Parenting, Pregnancy

“It took 18 months to not cry when I looked in the mirror”

Melissa Imbesi by Melissa Imbesi
February 7th, 2017

The moment my daughter was lifted off my chest and taken away to be examined by the doctors after she was born, the first thing I did was run my hands over my belly. In the weeks and months leading up to her birth, rubbing the rounded, firm skin that housed my baby was one of my favourite things to do. At night, I’d lay silent and through the layers of skin and muscle and fat that separated us, I’d touch the life growing inside me, hoping for a kick; a sign that she was there. But once she entered the world and was no longer living within me, the belly I had loved so much felt…..unrecognisable. It was soft, swollen and wobbly. In a matter of hours it had gone from a place of beauty to a thing of repulsion. And I hated myself for it; I hated that something so shallow was able to steal away some of the most incredible joy of my life. Even though it makes me feel ashamed to admit it, that’s truly how I felt.

A post-baby body is something that takes a lot of work to love for some women. Six years since I gave birth for the last time, I’m still coming to terms with a body that has entirely changed shape from what it once was. A much softer, rounder body than I’ve ever had before. A body that still, to this day, often feels unrecognisable to me. Of course, it’s not just pregnancy that has changed my physicality; it’s a life that I have chosen to live that has become less disciplined in some ways and more in others.

Mum of two, Alexandra Kilmurray, posted a picture to her Instagram page (above) of her bare stomach and frankly spoke about the “dark side” of  pregnancy and motherhood after struggling with the changes to her physical appearance since becoming a mother, as well as her experience with postnatal depression.  In a beautifully worded caption to the picture, Alexandra wrote the following that I’m sure many of us can relate to:

“Well, I know a lot of you guys are probably thinking, ‘why would she post this picture’, but it took me 18 months to get here. 18 months to not cry when I look in the mirror, 18 months to finally fell beautiful in my own skin again! No one warns you about the dark sides of motherhood and pregnancy…no one gives you a heads up on how much you change physically and mentally after you become a mother. It’s been a long and hard postpartum ride for me..18 months after my first son and 5 months after my second son I feel like I can finally see the light and it genuinely feels amazing. Cheers to you mamas who are battling postpartum depression and still getting up everyday for your children! Cheers to you mamas who still cry about the marks on your skin from birthing your perfect babies! Cheer to motherhood, cheers to knowing that this too shall pass! And things will get better.”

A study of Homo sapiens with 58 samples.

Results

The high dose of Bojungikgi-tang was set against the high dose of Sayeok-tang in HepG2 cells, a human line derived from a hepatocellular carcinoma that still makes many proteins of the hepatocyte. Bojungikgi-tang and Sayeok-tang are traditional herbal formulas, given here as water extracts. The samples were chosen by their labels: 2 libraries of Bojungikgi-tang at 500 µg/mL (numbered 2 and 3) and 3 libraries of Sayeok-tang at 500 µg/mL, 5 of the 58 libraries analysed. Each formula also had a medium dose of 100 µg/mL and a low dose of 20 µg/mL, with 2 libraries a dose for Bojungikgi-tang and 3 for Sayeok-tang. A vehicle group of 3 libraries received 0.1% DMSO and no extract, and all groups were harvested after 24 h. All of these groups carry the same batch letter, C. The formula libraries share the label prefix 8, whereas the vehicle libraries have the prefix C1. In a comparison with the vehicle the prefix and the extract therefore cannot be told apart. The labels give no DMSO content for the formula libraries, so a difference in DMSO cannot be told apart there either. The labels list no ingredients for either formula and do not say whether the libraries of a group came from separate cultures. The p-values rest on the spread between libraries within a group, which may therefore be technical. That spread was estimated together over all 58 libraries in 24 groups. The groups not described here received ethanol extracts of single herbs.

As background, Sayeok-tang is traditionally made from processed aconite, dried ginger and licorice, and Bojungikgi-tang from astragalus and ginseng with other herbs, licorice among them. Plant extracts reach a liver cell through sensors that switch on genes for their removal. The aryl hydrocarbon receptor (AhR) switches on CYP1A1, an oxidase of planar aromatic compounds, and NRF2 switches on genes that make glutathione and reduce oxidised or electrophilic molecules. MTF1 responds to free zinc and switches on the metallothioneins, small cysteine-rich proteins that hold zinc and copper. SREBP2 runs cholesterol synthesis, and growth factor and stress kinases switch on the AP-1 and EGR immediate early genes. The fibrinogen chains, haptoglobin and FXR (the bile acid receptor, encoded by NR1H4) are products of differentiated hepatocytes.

Alexandra spoke so openly about how she felt about a body that had changed after pregnancy and birth.

“My husband and I knew my body would change, we knew it was just a part of motherhood. I personally, did not expect such drastic changes with myself physically and mentally,” Alexandra said.

“But my husband has been here to tell me I am beautiful, he has been here to listen to me rant about everything I hate about myself.”

Alexandra and her husband, Bryan

Alexandra and her husband, Bryan

It’s so refreshing to see because as mothers, there’s often a pinch of guilt that goes along with feeling conflicted about our appearance, as if the very thought of feeling confronted by a body that has changed so much is ungrateful because “look, you have a beautiful baby!” Of course that’s the most important bit, but to neglect to acknowledge that for some of us, coming to terms with a ‘new’ body is often a struggle. Alexandra is celebrating these changes on her Instagram page (which you can visit here), which has become a space where women are encouraged to share their beautiful post-pregnancy bodies.

It’s often easy to forget about the magic of a woman’s body. It’s easy to look at pictures of flat, toned abs and cellulite-free thighs and think, “I wish I looked like that.” But as the days and years go by,  I’m increasingly looking outside of myself, marvelling at the two living beings that grew inside of me and instead of wishing for something different, I’m awe-struck at having had the opportunity to have carried them. There are certainly many days where I still struggle, but would I trade them in for the flat and tight tummy I used to have? There’s absolutely no question.

You can follow Alexandra’s blog, Mother by Nature, here.

Here are some of our favourite women talking about their bodies during pregnancy and after birth:

How do you feel about your post-baby body?